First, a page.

Will Russia Embarrass Putin At World Cup 2018

Newsweek / Teddy Cutler
Image of Host Russia (Getty Images)

A World Cup, the truism goes, needs its host team to perform in some way competently for the competition to linger in the collective memory of those who witnessed it.

Image of Host Russia (Getty Images)
Host Russia (Getty Images)

Think, in recent decades, of South Korea’s astonishing run to the semifinals in 2002. Or four years previously, when France united itself for a few weeks of a boiling summer and won the damned thing in its capital city, thanks to a genius named Zinedine Zidane. Or Siphiwe Tshabalala, with that glorious sprint down the left wing and the hammered left-foot finish to start the 2010 tournament for South Africa against Mexico.

Even Brazil’s unforgettable fall — that 7-0 whumping by Germany in the 2014 semifinal was remarkable mainly for the competence that came before it. Nobody saw this coming: we whispered as the Germans struck five inside the opening half-hour. Brazil 2014 is remembered for its hosts’ abandonment of reason.

By this logic, then, the World Cup 2018 in Russia is at risk of fading into obscurity almost as soon as it finishes in the Luzhniki Stadium in Moscow on July 18. The latest FIFA rankings, released on Monday, showed Russia has dropped a place to 65th in the world.

That’s 35 spots below Ukraine, which must sting a little. Sixteen below Panama, which just qualified for its first-ever World Cup at the expense of the United States, and 38 places beneath the United States, which may have a sporting, as well as geopolitical sting, given the U.S. won’t be at a World Cup for the first time since 1986. It’s right behind Cape Verde, at 64th.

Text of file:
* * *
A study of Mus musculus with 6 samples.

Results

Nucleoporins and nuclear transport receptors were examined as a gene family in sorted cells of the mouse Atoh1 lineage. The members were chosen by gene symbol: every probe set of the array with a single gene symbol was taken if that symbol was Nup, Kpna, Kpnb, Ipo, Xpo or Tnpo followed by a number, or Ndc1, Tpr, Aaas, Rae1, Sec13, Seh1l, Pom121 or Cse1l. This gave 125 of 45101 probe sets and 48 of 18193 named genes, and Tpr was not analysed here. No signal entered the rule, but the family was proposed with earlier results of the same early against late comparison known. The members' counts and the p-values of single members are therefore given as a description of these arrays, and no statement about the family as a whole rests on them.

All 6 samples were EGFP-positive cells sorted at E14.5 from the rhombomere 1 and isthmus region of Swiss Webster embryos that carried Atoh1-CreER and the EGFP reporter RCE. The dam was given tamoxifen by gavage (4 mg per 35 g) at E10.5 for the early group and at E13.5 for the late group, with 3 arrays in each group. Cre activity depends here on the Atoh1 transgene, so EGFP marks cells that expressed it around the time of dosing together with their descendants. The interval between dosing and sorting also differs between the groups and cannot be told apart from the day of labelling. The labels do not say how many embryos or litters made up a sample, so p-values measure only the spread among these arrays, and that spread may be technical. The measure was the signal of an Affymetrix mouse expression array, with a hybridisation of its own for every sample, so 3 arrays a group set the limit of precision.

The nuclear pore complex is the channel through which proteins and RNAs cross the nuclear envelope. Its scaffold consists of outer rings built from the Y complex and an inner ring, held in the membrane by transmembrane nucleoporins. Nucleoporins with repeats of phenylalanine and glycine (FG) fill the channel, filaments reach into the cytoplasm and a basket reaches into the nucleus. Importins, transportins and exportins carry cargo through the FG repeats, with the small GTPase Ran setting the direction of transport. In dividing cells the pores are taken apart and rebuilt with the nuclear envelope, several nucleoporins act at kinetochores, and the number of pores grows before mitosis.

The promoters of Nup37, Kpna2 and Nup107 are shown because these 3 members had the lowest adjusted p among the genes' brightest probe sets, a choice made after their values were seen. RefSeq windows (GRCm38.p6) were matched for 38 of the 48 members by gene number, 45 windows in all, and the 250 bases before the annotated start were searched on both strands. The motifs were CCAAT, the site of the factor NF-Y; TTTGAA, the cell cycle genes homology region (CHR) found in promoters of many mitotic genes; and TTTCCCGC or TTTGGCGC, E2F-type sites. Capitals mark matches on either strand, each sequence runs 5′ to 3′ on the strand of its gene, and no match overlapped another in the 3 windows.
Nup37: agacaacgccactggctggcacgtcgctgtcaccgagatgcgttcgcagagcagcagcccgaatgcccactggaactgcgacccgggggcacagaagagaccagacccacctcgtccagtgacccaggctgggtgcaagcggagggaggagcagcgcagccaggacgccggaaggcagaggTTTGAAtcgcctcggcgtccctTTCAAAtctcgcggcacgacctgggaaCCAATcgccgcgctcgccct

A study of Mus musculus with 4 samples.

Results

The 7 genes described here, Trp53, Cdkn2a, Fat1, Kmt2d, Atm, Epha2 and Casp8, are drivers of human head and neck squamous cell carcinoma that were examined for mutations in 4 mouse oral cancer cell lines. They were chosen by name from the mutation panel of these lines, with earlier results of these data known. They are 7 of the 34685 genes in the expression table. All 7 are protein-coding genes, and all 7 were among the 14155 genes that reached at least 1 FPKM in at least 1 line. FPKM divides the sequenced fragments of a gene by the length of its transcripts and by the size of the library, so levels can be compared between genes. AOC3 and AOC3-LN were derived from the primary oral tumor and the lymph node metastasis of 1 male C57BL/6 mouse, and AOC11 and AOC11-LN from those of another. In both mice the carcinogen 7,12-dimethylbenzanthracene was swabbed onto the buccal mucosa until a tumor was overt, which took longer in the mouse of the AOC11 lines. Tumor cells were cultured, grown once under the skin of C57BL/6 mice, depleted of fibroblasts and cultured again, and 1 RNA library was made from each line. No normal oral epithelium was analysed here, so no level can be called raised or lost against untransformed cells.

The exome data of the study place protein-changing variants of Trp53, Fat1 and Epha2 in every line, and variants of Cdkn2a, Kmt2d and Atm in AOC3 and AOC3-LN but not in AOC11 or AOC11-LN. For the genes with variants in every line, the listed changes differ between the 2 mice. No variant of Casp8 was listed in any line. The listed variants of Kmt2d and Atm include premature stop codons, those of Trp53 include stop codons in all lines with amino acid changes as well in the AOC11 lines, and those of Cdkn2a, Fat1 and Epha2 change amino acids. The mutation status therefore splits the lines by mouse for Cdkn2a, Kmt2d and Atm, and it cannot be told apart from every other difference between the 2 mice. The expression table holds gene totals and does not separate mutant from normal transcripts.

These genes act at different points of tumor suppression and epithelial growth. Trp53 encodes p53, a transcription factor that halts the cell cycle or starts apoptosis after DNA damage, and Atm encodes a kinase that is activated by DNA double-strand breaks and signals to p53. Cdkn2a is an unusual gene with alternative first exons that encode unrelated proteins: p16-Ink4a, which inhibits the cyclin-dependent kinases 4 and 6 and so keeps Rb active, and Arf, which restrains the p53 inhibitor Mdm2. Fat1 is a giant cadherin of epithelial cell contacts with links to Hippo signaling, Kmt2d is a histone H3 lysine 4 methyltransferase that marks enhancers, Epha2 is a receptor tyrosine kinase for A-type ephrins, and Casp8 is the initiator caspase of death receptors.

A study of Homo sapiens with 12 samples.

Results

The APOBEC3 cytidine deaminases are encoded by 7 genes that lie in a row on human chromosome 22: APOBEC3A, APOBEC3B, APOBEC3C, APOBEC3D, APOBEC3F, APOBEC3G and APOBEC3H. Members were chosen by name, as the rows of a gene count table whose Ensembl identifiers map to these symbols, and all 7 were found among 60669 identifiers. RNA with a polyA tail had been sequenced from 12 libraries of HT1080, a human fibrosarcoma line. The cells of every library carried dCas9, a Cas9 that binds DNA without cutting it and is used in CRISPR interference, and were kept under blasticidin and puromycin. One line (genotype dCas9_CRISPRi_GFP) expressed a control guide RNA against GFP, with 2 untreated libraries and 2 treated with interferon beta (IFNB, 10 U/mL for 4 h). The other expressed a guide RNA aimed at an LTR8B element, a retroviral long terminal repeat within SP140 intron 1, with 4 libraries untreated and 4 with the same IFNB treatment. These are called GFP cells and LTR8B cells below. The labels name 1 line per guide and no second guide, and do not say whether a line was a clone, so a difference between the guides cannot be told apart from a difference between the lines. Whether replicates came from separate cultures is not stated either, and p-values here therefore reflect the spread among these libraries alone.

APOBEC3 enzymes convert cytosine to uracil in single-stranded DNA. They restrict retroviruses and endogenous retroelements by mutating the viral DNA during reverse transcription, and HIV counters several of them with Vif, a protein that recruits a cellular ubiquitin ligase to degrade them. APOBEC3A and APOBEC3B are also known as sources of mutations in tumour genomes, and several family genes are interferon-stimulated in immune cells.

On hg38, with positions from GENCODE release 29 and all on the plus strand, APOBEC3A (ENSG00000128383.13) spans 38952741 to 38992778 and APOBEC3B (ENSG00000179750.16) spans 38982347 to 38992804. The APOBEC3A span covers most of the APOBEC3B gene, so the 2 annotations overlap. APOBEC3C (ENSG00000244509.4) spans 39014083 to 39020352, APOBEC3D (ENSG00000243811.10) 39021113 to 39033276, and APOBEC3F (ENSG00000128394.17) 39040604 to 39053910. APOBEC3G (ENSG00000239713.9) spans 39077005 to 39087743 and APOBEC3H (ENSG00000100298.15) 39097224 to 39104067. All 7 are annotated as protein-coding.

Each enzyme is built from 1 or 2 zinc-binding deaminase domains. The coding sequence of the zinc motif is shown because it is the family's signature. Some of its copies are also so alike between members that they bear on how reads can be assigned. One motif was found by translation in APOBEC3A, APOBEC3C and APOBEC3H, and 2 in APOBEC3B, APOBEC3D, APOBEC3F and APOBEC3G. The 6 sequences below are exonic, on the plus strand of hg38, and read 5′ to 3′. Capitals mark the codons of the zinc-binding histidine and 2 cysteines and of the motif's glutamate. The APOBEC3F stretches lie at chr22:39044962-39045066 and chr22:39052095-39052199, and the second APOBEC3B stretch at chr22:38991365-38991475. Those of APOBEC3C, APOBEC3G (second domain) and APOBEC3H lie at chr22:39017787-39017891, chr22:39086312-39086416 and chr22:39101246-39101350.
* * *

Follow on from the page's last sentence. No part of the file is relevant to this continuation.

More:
Image of Russian President, Vladimir Putin
Russian President, Vladimir Putin

Russia’s lethargy in international soccer has hardly crept up stealthily. The team performed poorly at Euro 2016 in France, exiting a group containing England at the first hurdle. That underperformance may have been less memorable than the running battles between Russian and English football hooligans through the streets of Marseille. But almost a million people, to date, have signed a petition on demanding the dissolution of the Russian national team on grounds of sheer incompetence.

Vladimir Putin is in on the running joke, too. In July, the president took questions from children live on State TV. Asked about Russia’s prospects for the 2018 World Cup, Putin shot the question back.

“Anything is possible,” the child answered with deadpan humour.

It’s worth remembering that Russia’s current ranking is still being affected by the fact that as host, it has not had to qualify for its own tournament. Friendlies will not accrue as many ranking points. Still, its lowliness is only likely to become more embarrassing for Putin as the tournament approaches. FIFA will not want the 2018 tournament to be remembered for Russian futility, either.